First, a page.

An Organ for Wombourne Church

Sir Samuel had built a Music Room in the gardens at The Woodhouse around 1760 and some time thereafter an organ built by Abraham Adcock had been installed.[1] Adcock was principally known as a trumpeter, and it is likely his organ-building business was helped considerably by his standing as a performer and as the preferred trumpeter of George Frederic Handel. Adcock took part in the first Foundling Hospital benefit concerts under the direction of Handel from at least 1754 and probably from its inception in 1749.[2] In 1755 he appeared at the Three Choirs meeting at Worcester and was a regular visitor to this festival and others in the region.[3] Coventry organist Capel Bond engaged him for his annual benefit concerts, listing him in the adverts variously as ‘The Trumpet by Mr. Adcock from London’ Monday, 20th September 1756 (an advert where Adcock’s name is in larger typeface than Bond’s).[4

<h3><em>Aris's Birmingham Gazette</em>, Monday 1st September 1755</h3>

It is likely that Sir Samuel first encountered Adcock during his years of study at Exeter College, Oxford, when he appeared at the Holywell Music Room such as the performances of Messiah and Esther on 6th and 7th July 1757.[5] The trumpeter performed even closer to the Hellier estates in 1758 when he appeared at a Stourbridge Musical Society concert directed by organist Francis Lewis on 19th September 1758 in a concert which promised ‘the most celebrated Pieces by Mr. Handel, &c. … The First Trumpet by Mr Adcock from London.’[6]

In 1760, Adcock loaned a ‘little organ’ to St John’s church, Wolverhampton for the period 1760–2, charging ten pounds.[7] Sir Samuel must have seen this organ at St John’s, and this may have strengthened his resolve to commission Adcock to build an organ for his own Music Room, which was built around the same time. Indeed, it may well have been the case that Sir Samuel bought this very instrument, and it was transported from Wolverhampton to The Woodhouse once St John’s had finished with it.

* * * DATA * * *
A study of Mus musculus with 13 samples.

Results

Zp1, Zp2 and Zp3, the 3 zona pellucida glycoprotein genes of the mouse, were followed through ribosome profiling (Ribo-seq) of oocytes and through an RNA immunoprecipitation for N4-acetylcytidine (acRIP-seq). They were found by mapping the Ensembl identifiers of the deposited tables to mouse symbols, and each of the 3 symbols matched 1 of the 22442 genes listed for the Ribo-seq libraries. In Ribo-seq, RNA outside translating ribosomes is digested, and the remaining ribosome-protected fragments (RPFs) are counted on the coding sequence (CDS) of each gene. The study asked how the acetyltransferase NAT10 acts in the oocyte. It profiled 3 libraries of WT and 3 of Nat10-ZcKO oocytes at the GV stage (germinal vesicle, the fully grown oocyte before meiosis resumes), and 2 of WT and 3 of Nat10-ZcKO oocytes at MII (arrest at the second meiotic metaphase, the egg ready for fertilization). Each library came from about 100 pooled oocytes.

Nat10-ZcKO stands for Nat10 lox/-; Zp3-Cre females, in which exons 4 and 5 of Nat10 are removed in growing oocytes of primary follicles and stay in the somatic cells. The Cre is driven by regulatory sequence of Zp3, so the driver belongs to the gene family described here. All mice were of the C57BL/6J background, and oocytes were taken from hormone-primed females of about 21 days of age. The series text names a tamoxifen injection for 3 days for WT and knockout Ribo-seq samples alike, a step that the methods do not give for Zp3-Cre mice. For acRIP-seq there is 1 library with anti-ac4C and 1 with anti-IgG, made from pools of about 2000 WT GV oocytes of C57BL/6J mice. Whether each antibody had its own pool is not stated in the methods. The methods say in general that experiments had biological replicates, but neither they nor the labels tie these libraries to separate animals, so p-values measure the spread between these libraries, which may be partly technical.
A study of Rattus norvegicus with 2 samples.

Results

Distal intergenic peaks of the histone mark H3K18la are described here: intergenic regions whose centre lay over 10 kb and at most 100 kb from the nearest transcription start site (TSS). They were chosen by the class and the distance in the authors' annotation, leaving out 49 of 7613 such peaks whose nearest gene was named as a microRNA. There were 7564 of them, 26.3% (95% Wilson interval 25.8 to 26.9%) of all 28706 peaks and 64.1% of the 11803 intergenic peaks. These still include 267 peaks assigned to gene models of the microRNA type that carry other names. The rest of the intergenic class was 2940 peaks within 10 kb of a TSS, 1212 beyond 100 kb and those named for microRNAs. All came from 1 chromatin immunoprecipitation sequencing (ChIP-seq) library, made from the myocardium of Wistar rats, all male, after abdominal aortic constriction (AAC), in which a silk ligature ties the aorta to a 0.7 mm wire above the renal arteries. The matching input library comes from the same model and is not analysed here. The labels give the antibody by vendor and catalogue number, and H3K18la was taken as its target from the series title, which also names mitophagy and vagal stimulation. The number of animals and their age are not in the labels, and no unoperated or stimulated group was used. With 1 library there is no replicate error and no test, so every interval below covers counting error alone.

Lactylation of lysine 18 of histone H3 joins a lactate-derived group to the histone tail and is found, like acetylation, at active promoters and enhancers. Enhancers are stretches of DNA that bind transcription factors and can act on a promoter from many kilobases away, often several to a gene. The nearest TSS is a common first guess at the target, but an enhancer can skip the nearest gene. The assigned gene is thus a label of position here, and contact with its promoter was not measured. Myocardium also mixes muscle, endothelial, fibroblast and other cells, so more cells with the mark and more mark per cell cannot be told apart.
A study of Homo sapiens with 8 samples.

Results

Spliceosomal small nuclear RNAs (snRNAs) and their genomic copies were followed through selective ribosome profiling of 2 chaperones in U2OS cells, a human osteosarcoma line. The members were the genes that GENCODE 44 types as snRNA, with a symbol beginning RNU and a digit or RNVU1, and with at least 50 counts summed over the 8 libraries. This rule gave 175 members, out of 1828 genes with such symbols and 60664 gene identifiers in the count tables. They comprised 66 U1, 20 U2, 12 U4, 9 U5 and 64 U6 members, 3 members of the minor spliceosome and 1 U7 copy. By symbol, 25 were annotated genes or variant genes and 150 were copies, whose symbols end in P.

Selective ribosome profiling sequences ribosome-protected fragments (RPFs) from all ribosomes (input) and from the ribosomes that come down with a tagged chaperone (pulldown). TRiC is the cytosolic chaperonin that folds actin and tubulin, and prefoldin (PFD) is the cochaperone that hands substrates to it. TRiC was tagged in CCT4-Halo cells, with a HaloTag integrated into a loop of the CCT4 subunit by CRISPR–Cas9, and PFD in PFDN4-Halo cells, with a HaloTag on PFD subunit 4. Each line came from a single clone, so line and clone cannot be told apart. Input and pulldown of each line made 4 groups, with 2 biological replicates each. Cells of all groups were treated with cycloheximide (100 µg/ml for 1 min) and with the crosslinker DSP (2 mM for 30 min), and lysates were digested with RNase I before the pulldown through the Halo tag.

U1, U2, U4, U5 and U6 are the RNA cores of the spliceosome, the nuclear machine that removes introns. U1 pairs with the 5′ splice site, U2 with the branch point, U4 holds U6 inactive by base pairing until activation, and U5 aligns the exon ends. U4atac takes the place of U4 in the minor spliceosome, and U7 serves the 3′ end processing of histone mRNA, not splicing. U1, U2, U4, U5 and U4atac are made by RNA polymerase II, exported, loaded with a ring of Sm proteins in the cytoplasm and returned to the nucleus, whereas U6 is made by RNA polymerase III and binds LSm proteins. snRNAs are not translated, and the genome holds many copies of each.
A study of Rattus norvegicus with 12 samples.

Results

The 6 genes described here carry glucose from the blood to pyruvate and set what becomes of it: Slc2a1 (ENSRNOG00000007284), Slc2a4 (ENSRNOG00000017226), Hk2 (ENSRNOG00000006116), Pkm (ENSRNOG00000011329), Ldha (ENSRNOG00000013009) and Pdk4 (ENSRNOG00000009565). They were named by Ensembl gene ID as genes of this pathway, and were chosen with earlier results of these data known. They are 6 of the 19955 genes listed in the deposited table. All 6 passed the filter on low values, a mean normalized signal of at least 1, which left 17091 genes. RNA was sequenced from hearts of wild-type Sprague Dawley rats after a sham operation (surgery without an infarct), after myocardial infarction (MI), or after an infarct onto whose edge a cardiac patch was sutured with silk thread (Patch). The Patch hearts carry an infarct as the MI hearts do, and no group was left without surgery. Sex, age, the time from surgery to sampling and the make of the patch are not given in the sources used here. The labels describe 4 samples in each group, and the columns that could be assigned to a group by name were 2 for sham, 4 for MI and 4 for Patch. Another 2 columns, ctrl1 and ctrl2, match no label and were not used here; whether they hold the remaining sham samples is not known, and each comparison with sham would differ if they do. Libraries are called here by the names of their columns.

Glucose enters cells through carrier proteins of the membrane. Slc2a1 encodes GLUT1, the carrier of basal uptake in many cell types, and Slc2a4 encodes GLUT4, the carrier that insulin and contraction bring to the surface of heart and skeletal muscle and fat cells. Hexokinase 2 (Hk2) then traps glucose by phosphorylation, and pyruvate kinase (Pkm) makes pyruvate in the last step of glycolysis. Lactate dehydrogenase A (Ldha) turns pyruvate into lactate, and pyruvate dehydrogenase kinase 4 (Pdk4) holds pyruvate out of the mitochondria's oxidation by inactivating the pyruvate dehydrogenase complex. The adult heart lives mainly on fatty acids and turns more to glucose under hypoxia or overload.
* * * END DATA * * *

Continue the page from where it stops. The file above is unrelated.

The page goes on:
It is unclear at what point Sir Samuel first arrived at the idea of commissioning a larger instrument for Wombourne Parish Church, but the letter to Thomas Hatrell of 1st August 1763 (‘I think to lay before you two or Three Scheems of mine‘), may refer to this. Sir Samuel may have got the idea to ask Adcock to both build an organ and play the trumpet for from a series of annual Music Meetings in Church Langton, Leicestershire, which Rev. William Hanbury started in 1759. Adcock had been consulted on the Church Langton performances (‘Mr. Adcock, a person well skilled in those things, says the church will contain near 2000 people’),[8] and agreed to build an organ for the church in time for the first festival.[9]

In the first letters Sir Samuel wrote to John Rogers his plans for a new organ for Wombourne church feature heavily: he reported back on how the organ was progressing and instructed Rogers in obtaining the necessary Faculty for erecting an organ in the church.

<h3><em>Berrows Worcester Journal</em>, September 4th, 1755</h3>
Rebecca Sarah Adcock to John Marsh. Receipt of payment for Wombourne Parish Church Organ, 27th January 1774.


[1] Barre. p 326. Evidence comes in the form of a bill from Timmins for various woodworking, including ’27 Dec 1760 to 1 sash in the Music Room’.

[2] no accounts survive for the first five years.

[3] Aris’s Birmingham Gazette, Monday, 8th September 1755.

[4] Aris’s Birmingham Gazette, Monday, 30th August 1756.

[5] Oxford Journal, Saturday, 2nd July 1757.

[6] Aris’s Birmingham Gazette, Monday, 9th October 1758.

[7] Extracts from Copy of Chapel-Wardens’ Accounts Dating from 1760 D/SSR/44/287

[8] Hanbury, in The History of the Rise and Progress describes the dinner after the performance where ‘Adcock also sounded droll tuned upon his trumpet, in the show way, &c. which occasioned much laughter and merriment…’ p 85.

[9] Although no stops of the original instrument survive at Church Langton, Adcock’s original keyboard survives, and this is thought to be the only example of his work in existence. National Pipe Organ Registry, organ no. N04600.